By Katrina Zerounian
Being in high school is no easy thing. The pressures of doing what you need to do and what you want to do are like trying to stay afloat in a moving sea—you splash around and try to fumble your way to the air, reaching your arms out for anything to hold on to. Even so, high school does have a lot of upsides—you can make great friends and you are given so many opportunities.
Nonetheless, it’s a common struggle for teens to seek balance, a middle ground between having fun and keeping on track with your goals, whether academic or in pursuit of music, art, acting, and everything else in between.
Sometimes, when you ask for advice on how to manage it all, you hear someone tell you, “The most important thing is for you to stay true to yourself.” You nod and say you appreciate the advice, that it helps you. Yet that small, tiny part of you still wonders, “How?”
One of the most difficult parts of being a teenager is finding your place in the world. Being yourself isn’t a light switch that you can flip on and off—it’s a common thread of awareness and authenticity that you carry. Being yourself is looking at both your footprints and your footsteps—it’s loving yourself in your past, present, and future, and loving yourself is acknowledging that you—the real you—is perfectly imperfect.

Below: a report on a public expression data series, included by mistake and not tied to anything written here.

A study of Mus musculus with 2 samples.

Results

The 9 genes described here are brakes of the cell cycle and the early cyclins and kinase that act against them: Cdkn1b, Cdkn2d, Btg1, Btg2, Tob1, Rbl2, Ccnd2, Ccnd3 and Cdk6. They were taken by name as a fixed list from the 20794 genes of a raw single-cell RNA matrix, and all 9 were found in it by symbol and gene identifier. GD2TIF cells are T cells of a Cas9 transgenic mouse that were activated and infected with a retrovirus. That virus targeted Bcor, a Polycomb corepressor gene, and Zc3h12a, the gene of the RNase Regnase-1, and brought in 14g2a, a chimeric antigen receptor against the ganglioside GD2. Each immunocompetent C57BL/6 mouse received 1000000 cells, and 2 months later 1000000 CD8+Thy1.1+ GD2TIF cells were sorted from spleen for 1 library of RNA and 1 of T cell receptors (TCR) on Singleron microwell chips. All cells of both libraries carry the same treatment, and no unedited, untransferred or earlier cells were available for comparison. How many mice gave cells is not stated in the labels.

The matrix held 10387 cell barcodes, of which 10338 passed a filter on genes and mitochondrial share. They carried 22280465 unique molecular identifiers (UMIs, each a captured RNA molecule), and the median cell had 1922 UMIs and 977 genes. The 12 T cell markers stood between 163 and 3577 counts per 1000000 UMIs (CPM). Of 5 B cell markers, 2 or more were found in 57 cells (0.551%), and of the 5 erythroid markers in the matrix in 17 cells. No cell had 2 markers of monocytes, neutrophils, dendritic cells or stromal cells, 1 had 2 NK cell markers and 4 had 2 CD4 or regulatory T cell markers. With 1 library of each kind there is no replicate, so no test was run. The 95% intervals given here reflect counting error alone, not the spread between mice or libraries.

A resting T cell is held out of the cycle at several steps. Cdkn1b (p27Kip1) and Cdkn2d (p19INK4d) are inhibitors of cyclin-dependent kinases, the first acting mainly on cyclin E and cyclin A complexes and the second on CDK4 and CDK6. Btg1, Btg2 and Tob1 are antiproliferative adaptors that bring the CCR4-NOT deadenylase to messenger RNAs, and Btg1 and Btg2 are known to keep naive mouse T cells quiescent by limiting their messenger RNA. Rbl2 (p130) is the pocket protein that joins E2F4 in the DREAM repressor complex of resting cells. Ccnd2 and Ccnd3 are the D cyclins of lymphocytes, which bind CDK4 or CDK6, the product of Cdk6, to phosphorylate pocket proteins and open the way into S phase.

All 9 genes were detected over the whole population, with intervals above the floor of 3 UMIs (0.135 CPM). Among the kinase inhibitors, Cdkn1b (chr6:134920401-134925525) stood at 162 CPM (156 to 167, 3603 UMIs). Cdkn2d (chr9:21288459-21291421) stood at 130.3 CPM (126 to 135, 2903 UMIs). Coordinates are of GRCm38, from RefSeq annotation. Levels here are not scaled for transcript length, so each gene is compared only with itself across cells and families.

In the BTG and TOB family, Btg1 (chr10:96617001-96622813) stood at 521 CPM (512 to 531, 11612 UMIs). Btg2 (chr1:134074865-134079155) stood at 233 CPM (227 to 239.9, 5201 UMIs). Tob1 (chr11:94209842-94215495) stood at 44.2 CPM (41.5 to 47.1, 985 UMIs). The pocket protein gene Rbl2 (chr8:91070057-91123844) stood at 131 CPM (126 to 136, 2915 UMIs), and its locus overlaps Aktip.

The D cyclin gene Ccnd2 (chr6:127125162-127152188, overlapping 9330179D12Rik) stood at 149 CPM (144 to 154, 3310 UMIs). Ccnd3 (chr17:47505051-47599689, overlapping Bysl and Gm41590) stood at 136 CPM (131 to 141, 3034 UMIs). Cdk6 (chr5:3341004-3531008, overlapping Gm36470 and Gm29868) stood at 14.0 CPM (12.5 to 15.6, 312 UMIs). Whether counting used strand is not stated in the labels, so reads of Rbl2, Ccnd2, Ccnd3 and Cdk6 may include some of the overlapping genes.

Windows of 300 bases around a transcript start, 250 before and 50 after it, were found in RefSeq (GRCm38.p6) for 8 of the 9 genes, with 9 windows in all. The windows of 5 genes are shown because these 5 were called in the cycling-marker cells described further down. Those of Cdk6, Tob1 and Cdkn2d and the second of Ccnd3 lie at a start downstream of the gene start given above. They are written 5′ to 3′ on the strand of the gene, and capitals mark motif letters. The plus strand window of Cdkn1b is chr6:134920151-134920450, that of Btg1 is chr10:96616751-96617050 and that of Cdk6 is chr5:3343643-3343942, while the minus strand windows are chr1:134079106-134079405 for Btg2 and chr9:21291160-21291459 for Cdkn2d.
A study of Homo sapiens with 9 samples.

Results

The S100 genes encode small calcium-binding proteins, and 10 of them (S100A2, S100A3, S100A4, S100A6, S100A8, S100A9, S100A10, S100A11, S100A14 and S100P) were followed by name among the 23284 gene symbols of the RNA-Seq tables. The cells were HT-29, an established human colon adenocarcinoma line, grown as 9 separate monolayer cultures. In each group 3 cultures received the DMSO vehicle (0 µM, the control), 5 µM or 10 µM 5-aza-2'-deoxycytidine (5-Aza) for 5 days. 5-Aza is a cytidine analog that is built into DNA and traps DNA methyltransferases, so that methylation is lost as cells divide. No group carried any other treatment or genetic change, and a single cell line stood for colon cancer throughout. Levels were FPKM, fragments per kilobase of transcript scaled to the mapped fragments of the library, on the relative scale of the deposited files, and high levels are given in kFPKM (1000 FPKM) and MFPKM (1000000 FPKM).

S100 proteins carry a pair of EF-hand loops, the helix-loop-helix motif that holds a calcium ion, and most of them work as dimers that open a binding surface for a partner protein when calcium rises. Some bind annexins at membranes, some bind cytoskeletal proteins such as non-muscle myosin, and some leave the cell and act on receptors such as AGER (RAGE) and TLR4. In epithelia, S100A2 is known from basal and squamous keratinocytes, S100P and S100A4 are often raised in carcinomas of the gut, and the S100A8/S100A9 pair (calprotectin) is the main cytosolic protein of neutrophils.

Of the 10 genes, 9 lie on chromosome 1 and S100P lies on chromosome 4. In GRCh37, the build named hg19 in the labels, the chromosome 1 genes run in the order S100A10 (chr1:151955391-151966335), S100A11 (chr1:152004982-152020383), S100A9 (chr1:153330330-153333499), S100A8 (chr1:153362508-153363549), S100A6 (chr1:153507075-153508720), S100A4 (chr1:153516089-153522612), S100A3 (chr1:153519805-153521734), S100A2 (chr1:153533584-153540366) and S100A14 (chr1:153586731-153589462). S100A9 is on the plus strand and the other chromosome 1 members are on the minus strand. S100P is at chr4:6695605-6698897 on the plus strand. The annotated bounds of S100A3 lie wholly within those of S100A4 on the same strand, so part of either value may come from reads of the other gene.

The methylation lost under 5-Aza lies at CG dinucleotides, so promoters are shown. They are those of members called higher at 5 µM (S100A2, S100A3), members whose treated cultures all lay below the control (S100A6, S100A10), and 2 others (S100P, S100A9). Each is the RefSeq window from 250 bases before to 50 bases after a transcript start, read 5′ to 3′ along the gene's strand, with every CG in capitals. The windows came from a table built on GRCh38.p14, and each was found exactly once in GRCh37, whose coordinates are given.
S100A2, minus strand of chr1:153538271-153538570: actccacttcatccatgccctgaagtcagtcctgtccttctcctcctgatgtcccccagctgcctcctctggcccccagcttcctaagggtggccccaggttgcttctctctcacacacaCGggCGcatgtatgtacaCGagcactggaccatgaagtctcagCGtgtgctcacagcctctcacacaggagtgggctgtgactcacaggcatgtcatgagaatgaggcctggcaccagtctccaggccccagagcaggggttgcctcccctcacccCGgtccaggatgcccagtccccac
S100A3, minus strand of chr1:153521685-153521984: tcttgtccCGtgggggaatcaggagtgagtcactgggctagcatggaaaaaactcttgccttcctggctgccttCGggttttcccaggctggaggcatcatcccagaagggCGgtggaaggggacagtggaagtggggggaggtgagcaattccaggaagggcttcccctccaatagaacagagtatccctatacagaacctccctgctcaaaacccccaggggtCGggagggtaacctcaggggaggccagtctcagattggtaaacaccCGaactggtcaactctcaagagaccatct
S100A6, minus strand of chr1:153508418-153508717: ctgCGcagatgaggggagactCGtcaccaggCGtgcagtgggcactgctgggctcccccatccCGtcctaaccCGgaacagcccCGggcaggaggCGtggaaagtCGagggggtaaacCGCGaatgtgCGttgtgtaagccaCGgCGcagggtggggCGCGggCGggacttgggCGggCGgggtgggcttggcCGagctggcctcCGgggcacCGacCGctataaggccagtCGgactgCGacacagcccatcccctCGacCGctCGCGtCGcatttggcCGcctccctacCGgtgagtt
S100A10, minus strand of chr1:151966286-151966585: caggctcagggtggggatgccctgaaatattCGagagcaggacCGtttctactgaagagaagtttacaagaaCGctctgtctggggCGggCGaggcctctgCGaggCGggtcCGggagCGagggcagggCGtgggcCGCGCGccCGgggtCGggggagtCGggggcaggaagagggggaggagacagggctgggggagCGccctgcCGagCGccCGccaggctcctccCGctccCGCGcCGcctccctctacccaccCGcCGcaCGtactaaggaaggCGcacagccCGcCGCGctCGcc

What does that mean? It means putting down the mask that you wear, letting go of the disguise that you put on to face the world. It’s knowing that it’s okay to be vulnerable, that you need to be the real you, not the you that society wants to see. Don’t feel what you should feel; feel what you do feel.
Finding yourself is an infinite journey, one that we never go through alone. When you are being true to yourself, the relationships you make are much more than simply one-dimensional—they are something beyond, proof that there is meaning in this world, that we are real. So paint with your own color, write with your own pen—don’t use the whitewash or the eraser or the backspace key when you don’t fit in. Be the you that can look into the mirror and say, “This is me. This is the real me who isn’t afraid of being real. This is the me that really lives, really laughs, and really loves.”